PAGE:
By Ken Mingis, Computerworld
April 25, 2006 12:27 PM ET

Computerworld - Sanjay Kumar, the former CEO of Computer Associates International Inc., pleaded guilty to financial fraud charges Monday when he appeared in federal court in Brooklyn, N.Y., according to a spokesman for the U.S. attorney handling the case.

No details were immediately available. Kumar and co-defendant Stephen Richards, the company's former worldwide sales head, both appeared in court this afternoon. Richards also pleaded guilty to charges in the case.

Kumar and Richards had been accused of fraudulent accounting practices, including falsely reporting hundreds of millions of dollars in revenue for licensing agreements during fiscal quarters in which the deals had not yet been finalized.

Several former CA executives have already pleaded guilty to related charges and were expected to testify against the two men. CA, which changed its name from Computer Associates International Inc. to CA Inc. in the wake of the fraud charges, was forced to pay $225 million to compensate victims.

"It's about time," said Dale Ross, senior database consultant at Polaris Technologies Ltd. in Calgary, Alberta, and a user of CA products. "Once you see guys like Sanjay led away in handcuffs, maybe it will put the fear of God in others."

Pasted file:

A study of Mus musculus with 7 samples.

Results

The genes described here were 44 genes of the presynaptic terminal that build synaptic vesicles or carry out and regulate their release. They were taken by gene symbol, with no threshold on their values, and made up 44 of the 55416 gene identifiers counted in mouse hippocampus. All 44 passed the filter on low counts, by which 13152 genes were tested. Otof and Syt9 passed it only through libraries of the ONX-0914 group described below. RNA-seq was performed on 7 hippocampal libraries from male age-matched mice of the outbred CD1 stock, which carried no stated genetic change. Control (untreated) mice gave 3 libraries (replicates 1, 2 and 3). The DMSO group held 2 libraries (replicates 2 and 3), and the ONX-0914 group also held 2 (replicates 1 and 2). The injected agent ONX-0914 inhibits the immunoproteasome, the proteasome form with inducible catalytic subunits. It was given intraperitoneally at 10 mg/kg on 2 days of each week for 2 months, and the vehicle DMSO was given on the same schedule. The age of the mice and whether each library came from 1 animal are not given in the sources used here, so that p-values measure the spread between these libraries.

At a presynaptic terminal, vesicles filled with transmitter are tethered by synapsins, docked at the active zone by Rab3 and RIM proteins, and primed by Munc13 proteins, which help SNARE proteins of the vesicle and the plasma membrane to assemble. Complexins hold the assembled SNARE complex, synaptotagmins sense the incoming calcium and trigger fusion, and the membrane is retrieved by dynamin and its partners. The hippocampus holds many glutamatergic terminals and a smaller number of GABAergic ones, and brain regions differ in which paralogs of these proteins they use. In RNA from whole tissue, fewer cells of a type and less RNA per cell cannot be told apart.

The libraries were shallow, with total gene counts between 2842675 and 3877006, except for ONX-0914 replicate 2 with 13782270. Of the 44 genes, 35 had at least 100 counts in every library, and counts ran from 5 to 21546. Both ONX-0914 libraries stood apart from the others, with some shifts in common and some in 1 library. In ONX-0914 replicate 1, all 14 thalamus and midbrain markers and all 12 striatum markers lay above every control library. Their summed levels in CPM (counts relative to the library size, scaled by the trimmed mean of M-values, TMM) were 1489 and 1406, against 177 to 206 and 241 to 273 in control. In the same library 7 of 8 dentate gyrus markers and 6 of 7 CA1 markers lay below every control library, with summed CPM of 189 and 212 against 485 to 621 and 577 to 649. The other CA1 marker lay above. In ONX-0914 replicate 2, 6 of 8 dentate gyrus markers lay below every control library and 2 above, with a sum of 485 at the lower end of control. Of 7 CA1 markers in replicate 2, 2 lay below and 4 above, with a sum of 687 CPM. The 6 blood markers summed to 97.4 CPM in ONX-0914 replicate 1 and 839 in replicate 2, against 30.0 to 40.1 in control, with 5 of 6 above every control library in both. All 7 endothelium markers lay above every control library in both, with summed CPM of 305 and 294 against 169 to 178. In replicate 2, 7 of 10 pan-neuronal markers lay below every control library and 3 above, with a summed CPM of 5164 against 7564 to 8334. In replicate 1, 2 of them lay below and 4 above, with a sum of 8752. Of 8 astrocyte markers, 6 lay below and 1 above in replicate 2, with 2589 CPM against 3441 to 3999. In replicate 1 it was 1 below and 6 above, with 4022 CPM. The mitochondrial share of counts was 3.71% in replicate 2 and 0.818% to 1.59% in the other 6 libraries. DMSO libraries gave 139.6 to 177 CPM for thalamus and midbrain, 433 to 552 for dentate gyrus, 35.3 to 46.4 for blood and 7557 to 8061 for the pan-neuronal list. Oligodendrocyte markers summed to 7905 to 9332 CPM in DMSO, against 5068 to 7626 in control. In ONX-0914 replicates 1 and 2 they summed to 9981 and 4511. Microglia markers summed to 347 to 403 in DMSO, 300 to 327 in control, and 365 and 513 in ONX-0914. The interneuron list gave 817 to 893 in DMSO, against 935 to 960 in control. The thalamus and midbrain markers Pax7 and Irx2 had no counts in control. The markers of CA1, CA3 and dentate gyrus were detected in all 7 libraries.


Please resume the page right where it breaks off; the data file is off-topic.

Ross has been an enthusiastic early adopter of a new CA product, Unicenter Database Command Center, announced Monday, and has been familiar with CA and its products for years.

Since Kumar was charged and CA began making efforts to reform -- including hiring new top managers and an ethics officer -- the company has been "taking the right steps," Ross said, adding that he never felt CA had a cultural problem with poor ethics.

Rich Ptak, an analyst at Ptak, Noel & Associates in Amherst, N.H., said he was "surprised to some extent" to hear of Kumar's guilty plea. Ptak, who has met with Kumar in the past and has followed CA extensively, said the plea and the initial charges "are obviously not a nice thing for Sanjay."

Ptak said he "always respected Sanjay, since he seemed to be doing the right thing for the company and was moving it out from under the image of the old CA run by Charles Wang. That old image of CA seems to be in the past, although some competitors like to keep reminding people of CA's past."

Sanjay was "very customer-friendly, people-oriented, was getting things away from Wang's restricted management style by giving more responsibility to the managers," Ptak said. CA's current CEO, John Swainson, has gone even further with Sanjay's customer focus, he said.

"CA has done remarkably well, especially with getting reorganized with Swainson and company," Ptak said. "There is no question in my mind that the company has strong leadership and has made significant progress going forward. Clearly they were shell-shocked for a year or so, but now customers are pleased with the way things are working out."

In February, lawyers for Kumar and Richards had asked the judge in the case to dismiss charges that they interfered with government probes into fraudulent accounting practices at the Islandia, N.Y.-based software company.